No conflicts of interest to declare.
A Prospective Trial of a New Policy Eliminating Signed Consent for Do Not Resuscitate Orders
Article first published online: 11 SEP 2006
Journal of General Internal Medicine
Volume 21, Issue 12, pages 1261–1268, December 2006
How to Cite
Sulmasy, D. P., Sood, J. R., Texiera, K., McAuley, R. L., McGugins, J. and Ury, W. A. (2006), A Prospective Trial of a New Policy Eliminating Signed Consent for Do Not Resuscitate Orders. Journal of General Internal Medicine, 21: 1261–1268. doi: 10.1111/j.1525-1497.2006.00612.x
- Issue published online: 11 SEP 2006
- Article first published online: 11 SEP 2006
- Manuscript received January 16, 2006Initial editorial decision February 27, 2006Final acceptance July 24, 2006
- resuscitation policies;
- resuscitation orders;
- informed consent;
- self efficacy;
BACKGROUND: Some institutions require patients and families to give signed consent for Do Not Resuscitate (DNR) orders, especially in New York State. As this may be a barrier to discussions about DNR orders, we changed a signed consent policy to a witnessed verbal consent policy, simplified and modified the DNR order forms, and educated the staff at 1 hospital, comparing the effects with an affiliated hospital where the policy was not changed.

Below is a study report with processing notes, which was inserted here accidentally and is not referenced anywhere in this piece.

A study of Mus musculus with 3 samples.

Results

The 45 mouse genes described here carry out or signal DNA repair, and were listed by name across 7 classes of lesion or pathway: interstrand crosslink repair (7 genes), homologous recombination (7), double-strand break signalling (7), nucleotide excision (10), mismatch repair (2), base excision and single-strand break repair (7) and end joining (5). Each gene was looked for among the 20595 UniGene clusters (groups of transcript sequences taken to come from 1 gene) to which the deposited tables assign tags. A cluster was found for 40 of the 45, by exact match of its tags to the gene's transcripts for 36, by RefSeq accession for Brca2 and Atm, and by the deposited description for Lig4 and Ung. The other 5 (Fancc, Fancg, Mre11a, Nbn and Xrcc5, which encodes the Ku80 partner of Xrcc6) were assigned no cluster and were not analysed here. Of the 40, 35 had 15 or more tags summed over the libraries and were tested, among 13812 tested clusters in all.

DESIGN: Prospective natural experiment with intervention and comparison sites.
SUBJECTS AND MEASUREMENTS: Pre- and postintervention, we surveyed house officers' confidence and attitudes, reviewed charts to assess the number of concurrent care concerns (CCCs) addressed per DNR order (e.g., limits on intubation or blood products or need for hospice), and at the intervention hospital, measured the stress levels of surrogates consenting for DNR orders using the Horowitz Impact of Event Scale. We also surveyed staff perceptions about the policy following the change.
RESULTS: At the intervention hospital, the percentage of house officers reporting low confidence in their ability to obtain consent for DNR orders declined postintervention (24% to 7%, P=.002), while there was no significant change at the comparison hospital (20% vs 15%, P=.45). Among intervention hospital house officers, there were declines in percent reporting difficulty talking to patients and families about DNR orders, but no significant changes at the comparison hospital. At the intervention hospital, the mean number of CCCs/DNR order increased (1.0 pre to 4.2 post, P<.001), but did not change significantly (1.2 pre to 1.4 post) at the comparison hospital. The mean total stress score for intervention hospital surrogates declined postintervention (23.6 to 17.3, P=.02), indicating lower stress. House officers (98%), attendings (59%), and nurses (79%) thought the new policy was better for families.
CONCLUSIONS: The policy change was well received and associated with improved house officer attitudes, more attention to patients' concurrent care concerns, and decreased surrogate stress. The results suggest that DNR orders can be made simpler and clearer, and raise questions about policies requiring signed consent for DNR orders.